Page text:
In-silico trials for patient-specific selection of atrial fibrillation treatment
PI: Rodriguez, Blanca
Department: Computer Science
Atrial fibrillation (AF) is the most common arrhythmia, affecting 1 in 45 people in the UK. After initial treatment, 60% of patients will newly present in the hospital with recurrent AF.
In his DPhil, Albert Dasi has a developed framework for in silico clinical trials to identify optimal therapies for AF. In silico trials refer to the use of human-based modelling and simulation to virtually test medical treatments. Widely accepted in engineering, it is now a promising approach in medicine. The framework focused on the technical challenges involved in (1) constructing large populations of virtual patients that present variability in important clinical features; (2) conducting in-silico trials to evaluate state-of-the-art therapies for AF; (3) developing a decision algorithm that, based on virtual patient features, selects an optimal treatment.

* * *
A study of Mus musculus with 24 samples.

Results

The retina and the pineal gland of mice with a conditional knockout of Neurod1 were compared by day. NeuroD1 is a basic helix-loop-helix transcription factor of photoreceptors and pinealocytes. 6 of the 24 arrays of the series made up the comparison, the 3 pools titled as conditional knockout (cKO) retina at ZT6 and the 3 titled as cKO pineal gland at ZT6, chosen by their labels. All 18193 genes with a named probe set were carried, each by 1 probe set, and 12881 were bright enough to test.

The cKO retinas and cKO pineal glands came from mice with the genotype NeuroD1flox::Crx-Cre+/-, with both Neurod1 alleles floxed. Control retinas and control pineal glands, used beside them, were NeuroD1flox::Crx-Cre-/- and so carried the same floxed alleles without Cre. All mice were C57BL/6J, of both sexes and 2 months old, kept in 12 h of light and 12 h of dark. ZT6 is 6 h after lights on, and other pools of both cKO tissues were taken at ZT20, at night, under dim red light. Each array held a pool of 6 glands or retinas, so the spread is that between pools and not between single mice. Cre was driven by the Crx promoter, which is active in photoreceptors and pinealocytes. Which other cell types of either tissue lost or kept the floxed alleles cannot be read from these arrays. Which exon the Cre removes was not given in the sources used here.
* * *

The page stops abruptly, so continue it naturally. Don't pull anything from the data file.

Building on the digital evidence obtained from the simulations, we now aim to translate the developed research tool to clinical practice. For this, Albert will work directly with clinicians in two hospital centres that routinely deliver existing and novel treatments for AF. The immediate step in this direction is the definition of the requirements for impact in clinical practice, including validation of the theoretical findings with clinical data and defining an improved roadmap for risk stratification and therapy selection. With the technical challenges already solved, deep engagement with clinicians will provide the expertise and datasets required for the adaptation and validation of the decision algorithm to boost the efficacy of AF treatment. Similarly, this will increase the confidence in in-silico trials, supporting their integration into clinical practice. This could impact future guidelines of AF treatment, highlighting modelling and simulation as an assisting tool for optimal treatment selection. Great methodological impact is expected from this project, since the framework can be applied to every cardiac disease.